Barefoot on the Bayou

The great room’s simple white backdrop is accented with lettuce-green|!!| and the natural bamboo floor is topped with sea grass. Adding to the soothing ambiance are hand-blocked linen on pillows by Raoul Textiles; upholstered seating from Villa Vici; the coffee table from Williams-Sonoma; and a glass lamp found in Seaside|!!| Fla. The American Indian portrait is by Edward Curtis|!!| and the image above the doors is of Telluride|!!| Colo.|!!| one of the family’s favorite destinations|!!| around the turn of 20th century.

The first thing that greets you as your car noses into the gravel driveway of this quiet Pass Christian, Miss., getaway is a sign that announces its lighthearted name –– Les Get It On. The homeowners, a young professional couple with three children ages 10, 8 and 6, came up with the playful moniker as both a reference to the wife’s name (she grew up spending time in Grand Isle, where camps traditionally are named for the lady of the house) and a reminder to one and all that fun is always welcome. Both husband and wife work hard and wanted a place where their family could relax and shed the demands of their busy life in New Orleans. They also wanted to expose their children to the same sorts of summer rituals –– swimming, water-skiing, fishing and crabbing –– that they enjoyed growing up with their respective families. His spent years visiting their second home in Bay St. Louis; hers frequented their beach house in Grand Isle. When they began looking for a suitable place to make new memories of their own, they envisioned being near the beach.

But after Hurricane Katrina, they reconsidered and opted instead for a house overlooking Bayou Arcadia, which runs along the back of the sleepy Gulf-side town.  Although the raised house had 3 feet of water inside it as a result of the storm, it was being renovated when they saw it more than a year later, and the tranquil marsh setting appealed to them for its relaxing quietude and its access to the Wolf River and the Gulf of Mexico where they boat and water-ski. “We put in an offer the day we saw it,” says the husband. “We had decided we didn’t want to be in an exposed area. We wanted to be close to the beach but more protected and also somewhere we could keep a boat in the water.”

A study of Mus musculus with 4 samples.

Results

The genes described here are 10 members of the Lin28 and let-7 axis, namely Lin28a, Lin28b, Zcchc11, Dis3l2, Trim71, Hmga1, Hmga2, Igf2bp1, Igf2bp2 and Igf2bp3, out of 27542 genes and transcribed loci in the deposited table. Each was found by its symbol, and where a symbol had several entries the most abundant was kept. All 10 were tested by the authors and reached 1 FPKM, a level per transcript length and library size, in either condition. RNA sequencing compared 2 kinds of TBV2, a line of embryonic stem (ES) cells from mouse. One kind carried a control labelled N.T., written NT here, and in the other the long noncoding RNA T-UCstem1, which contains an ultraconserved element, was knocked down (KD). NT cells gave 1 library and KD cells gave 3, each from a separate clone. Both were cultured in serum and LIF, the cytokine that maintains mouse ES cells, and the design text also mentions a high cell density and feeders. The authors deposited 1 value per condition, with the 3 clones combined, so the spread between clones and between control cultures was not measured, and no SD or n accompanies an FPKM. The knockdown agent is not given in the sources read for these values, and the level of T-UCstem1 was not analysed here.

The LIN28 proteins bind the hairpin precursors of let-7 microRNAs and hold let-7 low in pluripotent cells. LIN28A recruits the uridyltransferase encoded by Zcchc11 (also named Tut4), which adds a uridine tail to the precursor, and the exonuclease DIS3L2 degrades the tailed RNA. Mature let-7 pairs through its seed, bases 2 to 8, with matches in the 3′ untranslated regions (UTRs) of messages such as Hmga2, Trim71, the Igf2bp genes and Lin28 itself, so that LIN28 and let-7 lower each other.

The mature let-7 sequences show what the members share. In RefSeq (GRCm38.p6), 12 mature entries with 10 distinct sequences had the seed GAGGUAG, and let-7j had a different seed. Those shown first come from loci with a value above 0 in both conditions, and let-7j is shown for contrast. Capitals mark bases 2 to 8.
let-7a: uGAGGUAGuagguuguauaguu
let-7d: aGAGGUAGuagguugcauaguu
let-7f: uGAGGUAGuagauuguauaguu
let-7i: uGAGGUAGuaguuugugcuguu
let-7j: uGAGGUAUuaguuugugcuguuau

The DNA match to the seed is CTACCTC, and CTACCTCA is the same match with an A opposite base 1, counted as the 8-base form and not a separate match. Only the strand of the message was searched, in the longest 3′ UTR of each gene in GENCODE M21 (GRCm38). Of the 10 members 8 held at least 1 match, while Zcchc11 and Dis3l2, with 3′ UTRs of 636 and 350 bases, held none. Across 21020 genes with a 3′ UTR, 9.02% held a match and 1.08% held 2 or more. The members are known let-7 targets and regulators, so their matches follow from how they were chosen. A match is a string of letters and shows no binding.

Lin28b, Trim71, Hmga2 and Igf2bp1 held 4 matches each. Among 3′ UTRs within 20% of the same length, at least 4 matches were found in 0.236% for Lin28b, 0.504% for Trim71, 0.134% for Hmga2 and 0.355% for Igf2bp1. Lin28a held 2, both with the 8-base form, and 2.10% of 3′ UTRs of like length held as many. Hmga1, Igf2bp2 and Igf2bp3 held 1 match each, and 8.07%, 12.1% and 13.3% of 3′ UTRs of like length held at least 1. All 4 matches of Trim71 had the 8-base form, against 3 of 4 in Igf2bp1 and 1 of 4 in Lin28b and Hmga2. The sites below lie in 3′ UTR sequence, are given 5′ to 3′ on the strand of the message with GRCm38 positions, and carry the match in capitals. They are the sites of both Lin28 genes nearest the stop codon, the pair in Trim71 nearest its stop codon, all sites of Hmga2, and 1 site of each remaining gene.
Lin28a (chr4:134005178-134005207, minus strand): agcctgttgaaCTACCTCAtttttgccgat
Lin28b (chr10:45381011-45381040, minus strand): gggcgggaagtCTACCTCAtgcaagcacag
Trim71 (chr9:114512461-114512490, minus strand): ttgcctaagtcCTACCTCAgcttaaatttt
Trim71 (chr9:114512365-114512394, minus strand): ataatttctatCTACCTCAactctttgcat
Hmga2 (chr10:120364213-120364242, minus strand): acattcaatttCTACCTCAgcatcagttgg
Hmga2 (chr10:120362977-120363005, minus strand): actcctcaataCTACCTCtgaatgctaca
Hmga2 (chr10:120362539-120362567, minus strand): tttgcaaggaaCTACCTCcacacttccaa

Soon after purchasing the house, they began making improvements –– a screened porch for outdoor dining, a bulkhead, a pool, a dock and a boathouse –– and called in their friend, decorator Donna Maselli, to create a comfortable, uncluttered interior with light colors, soft textures, easy “washability,” a simplicity that wouldn’t compete with the beauty of the setting and lots of space for kids to engage in a variety of activities. “The great thing about being there is that there’s so much for them to do,” says their dad. “The TV never gets turned on except for nighttime movies and sporting events. We use the house for every rest and relaxation you can imagine.

One person will be taking a nap, another fishing, another may be doing an art project, and another may be watching a football game.” 

Knowing that the house would be a much-needed retreat for her active friends, Maselli was eager to get it just right. When the homeowners suggested bringing some unwanted pieces from their home in New Orleans, she counseled them to jettison anything they didn’t love and instead find things that they did. “She made us leave New Orleans behind to make it feel like it really is a getaway,” says the wife, who refers to Maselli, with whom she’s run four marathons, as her wingman.

Working quickly and on a budget designed to soften the blow of any future hurricane damage, Maselli laid a foundation of cool, summery white and accented it with hand-blocked textiles in spring colors, crisp stripes, natural materials, custom window coverings and the character of age. “I always love to use sea grass, baskets and old wooden bowls,” says Maselli. “I thought, and they agreed, it’s important to have old things in every room. They add so much depth.” One of the couple’s favorite pieces is an old cypress cupboard on loan from friends who had it stored in their garage. “They called and said, ‘Our friends are moving today, and they have an old piece, and they said we could use it in the beach house,’” recalls Maselli. “When I saw it, it was covered with dirt and unassembled, but I knew it was perfect.”

American Indian photographs by renowned portraitist Edward Curtis, purchased during a visit to Santa Fe, N.M.; indigenous images by famed Louisiana photographer Fonville Winans; and a teak console found in Seaside, Fla., also add a time-worn patina without being precious or untouchable.

Although simple, the house sleeps 14 and provides everything the family needs. A stop at the grocery store is all that’s usually required for even the most impromptu visit. “It’s so close to New Orleans, there’s no stress in packing,” says the wife. “Once you get 30 minutes outside New Orleans and hit the Mississippi border, you feel you can relax and leave everything work-related behind.”

“It’s amazing how quiet it is,” adds her husband. “With the hustle and bustle of our lives, it’s so refreshing to go somewhere where you don’t hear a thing but the crickets chirping.”